If there has ever been a more touching episode of Project Runway, we haven't seen it — and this is coming on the heels of what's already proven to be a pretty emotionally tumultuous season.
The misty-eyed journey started with a Heidi-dropped hint: "For this challenge, I want you to start from scratch." The designers were then sent down to the workroom, where Tim and a bunch of HP Touchsmart computers displaying photos of the contestants as children awaited. The challenge, Tim explained, was to create a "deeply personal" textile design based on an inspiring or profound moment from their past, and then build that fabric into a garment. So first came the gushy "awwwws": Baby Mondo dressed as a matador! Little Michael C. looking bashful in his undies! Even the shot of a young(er) Gretchen, hugging her mom on a ski slope somewhere, was kinda cute.
Memories sufficiently jogged, the designers set to work creating their fabrics. Gretchen drew a graphic interpretation of a sun bonnet, which her mom used to wear. Andy made "memory bubbles," which strikes us like he didn't really get the assignment — that, or he's going for something deeply meta and way beyond our nitwit comprehension. April created an Edward Gorey–ish print of a tree that represents her parents divorce.
But then the real bomb dropped.
Mondo designs a very Mondo pattern of repeating plus signs in a hot-pink color. What's the inspiration? He's HIV-positive — and hasn't told anyone in his family since he found out ten years ago. He reveals this only to the camera — and obviously the audience at home — but doesn't let the other designers or Tim or anyone else in on the secret. He says he feels guilt and shame, but knows this is the right time to come clean: "I just realized I can't live that way anymore ... I am such a better person than just being a coward." Yes, dear, sweet Mondo, yes you are. Marry us, please?
Just when you think the show can't get any more dramatic, Tim sends in some "special guests." The designers think the worst, naturally, probably expecting Jason and his bowler hat to come swaggering in. But nope! It's the designers' moms, and in Michael C. and Christopher's cases, their son and boyfriend, respectively. Cue all manner of shrieking, sobbing, and bawling. Even if you loathe Gretchen or think Michael C. is irritating, you'd have to be dead not to cry along with them.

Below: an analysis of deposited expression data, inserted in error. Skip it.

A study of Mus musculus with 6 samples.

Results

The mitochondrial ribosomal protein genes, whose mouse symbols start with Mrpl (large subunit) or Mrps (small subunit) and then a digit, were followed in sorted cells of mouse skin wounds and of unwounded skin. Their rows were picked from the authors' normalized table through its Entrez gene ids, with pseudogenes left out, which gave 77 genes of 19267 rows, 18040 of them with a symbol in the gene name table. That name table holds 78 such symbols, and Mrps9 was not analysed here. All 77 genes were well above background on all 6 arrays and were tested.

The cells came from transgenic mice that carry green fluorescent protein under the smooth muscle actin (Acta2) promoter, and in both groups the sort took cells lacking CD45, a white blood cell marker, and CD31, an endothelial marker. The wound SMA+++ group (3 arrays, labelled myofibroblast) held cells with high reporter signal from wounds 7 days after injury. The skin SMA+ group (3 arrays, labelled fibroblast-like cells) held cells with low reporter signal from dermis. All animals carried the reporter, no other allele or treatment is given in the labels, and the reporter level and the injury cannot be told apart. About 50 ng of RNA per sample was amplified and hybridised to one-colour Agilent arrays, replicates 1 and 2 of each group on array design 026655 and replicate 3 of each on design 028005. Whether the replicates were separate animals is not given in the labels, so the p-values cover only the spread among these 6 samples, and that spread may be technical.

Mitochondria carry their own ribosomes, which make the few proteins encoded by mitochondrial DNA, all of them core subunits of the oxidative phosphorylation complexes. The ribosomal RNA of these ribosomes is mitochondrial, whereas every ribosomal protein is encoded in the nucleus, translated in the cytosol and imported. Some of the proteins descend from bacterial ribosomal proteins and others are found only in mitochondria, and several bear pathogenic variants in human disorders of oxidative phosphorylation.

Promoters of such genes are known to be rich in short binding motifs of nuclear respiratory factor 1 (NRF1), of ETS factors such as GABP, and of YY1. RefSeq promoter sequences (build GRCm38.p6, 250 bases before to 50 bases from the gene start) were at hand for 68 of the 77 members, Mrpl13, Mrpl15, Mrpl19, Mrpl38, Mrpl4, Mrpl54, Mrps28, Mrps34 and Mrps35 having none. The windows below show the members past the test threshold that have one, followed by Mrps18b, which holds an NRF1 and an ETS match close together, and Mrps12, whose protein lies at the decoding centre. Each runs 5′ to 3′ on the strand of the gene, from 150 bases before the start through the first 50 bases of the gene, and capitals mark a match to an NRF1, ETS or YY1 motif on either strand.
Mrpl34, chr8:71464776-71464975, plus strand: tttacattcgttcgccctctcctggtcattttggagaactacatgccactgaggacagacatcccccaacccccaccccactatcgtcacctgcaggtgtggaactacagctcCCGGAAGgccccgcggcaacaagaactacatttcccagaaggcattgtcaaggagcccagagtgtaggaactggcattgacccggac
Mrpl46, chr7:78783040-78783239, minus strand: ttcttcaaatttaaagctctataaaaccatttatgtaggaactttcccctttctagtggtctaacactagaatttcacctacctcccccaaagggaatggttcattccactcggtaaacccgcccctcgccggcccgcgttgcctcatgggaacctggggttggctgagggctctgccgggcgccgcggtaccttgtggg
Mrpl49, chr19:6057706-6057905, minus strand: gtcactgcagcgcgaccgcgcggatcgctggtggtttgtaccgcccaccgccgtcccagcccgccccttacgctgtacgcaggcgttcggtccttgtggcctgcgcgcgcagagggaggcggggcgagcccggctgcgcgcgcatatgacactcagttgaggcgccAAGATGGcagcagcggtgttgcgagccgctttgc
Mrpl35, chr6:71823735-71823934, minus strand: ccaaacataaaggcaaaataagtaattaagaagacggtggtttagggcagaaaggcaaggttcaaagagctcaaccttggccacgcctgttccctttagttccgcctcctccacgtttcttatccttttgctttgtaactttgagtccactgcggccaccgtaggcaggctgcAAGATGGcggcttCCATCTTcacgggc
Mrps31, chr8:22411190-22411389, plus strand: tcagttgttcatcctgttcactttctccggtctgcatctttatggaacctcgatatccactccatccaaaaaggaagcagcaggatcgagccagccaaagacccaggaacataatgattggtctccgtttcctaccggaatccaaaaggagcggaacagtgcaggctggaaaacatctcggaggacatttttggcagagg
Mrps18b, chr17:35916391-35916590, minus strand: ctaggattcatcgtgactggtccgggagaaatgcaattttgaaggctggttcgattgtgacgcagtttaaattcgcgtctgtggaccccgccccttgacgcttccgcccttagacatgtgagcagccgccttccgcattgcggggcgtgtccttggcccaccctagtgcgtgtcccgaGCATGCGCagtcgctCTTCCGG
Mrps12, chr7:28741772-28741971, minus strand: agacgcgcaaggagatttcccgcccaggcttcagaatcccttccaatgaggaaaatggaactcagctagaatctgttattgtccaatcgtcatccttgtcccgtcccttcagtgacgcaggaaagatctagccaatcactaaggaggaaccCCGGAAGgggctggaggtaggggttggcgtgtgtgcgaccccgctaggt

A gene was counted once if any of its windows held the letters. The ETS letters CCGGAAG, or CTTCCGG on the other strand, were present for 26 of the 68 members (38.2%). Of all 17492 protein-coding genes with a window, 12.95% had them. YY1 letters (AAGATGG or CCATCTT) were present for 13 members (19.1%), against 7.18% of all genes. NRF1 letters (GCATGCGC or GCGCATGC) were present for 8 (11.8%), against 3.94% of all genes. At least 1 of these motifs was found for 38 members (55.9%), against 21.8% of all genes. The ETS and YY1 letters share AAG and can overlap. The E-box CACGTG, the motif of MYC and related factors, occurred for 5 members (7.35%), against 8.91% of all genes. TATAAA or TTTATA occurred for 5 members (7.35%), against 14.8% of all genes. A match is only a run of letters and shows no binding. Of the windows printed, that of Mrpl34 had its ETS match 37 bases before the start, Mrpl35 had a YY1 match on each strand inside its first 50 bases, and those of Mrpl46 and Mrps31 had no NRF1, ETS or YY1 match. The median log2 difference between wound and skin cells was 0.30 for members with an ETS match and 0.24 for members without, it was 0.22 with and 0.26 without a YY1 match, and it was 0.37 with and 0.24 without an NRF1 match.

But that's not all! Tim has an additional surprise: He's canceling the rest of the workday so the designers can hang out with their families. Some go to spas, some to restaurants, and Mondo and his mom to the High Line, where he wants so desperately to tell her he is HIV-positive but doesn't want to ruin the moment. Lots of "stay true to yourself" pep talks ensue, as do the usual "You're always a winner to me" mom-sponsored kudos.
Back in the workroom, Gretchen is being her usual judge-y self (re: Christopher: "His look I think is a C+"; re: Valerie: "[She's] making a dress that just doesn't look fashion to me"), and Andy is meandering aimlessly through his own foggy head space, feeling too jolted by his mom's visit to really focus. Come judgment time, Heidi doesn't even declare a bottom three and top three: All of the designers are asked to tell their story. It goes without saying that Mondo, long a house favorite, pushed us over the sentimental edge with his admission to Nina (on national television, remember!) of being HIV-positive; that the outfit he designed looked incredible was just icing on the cake.
"Fashion is not for sissies: You've got to produce no matter what," said a sage Michael Kors toward the end of the episode. This week, and probably forevermore, Mondo proved himself to be anything but a sissy.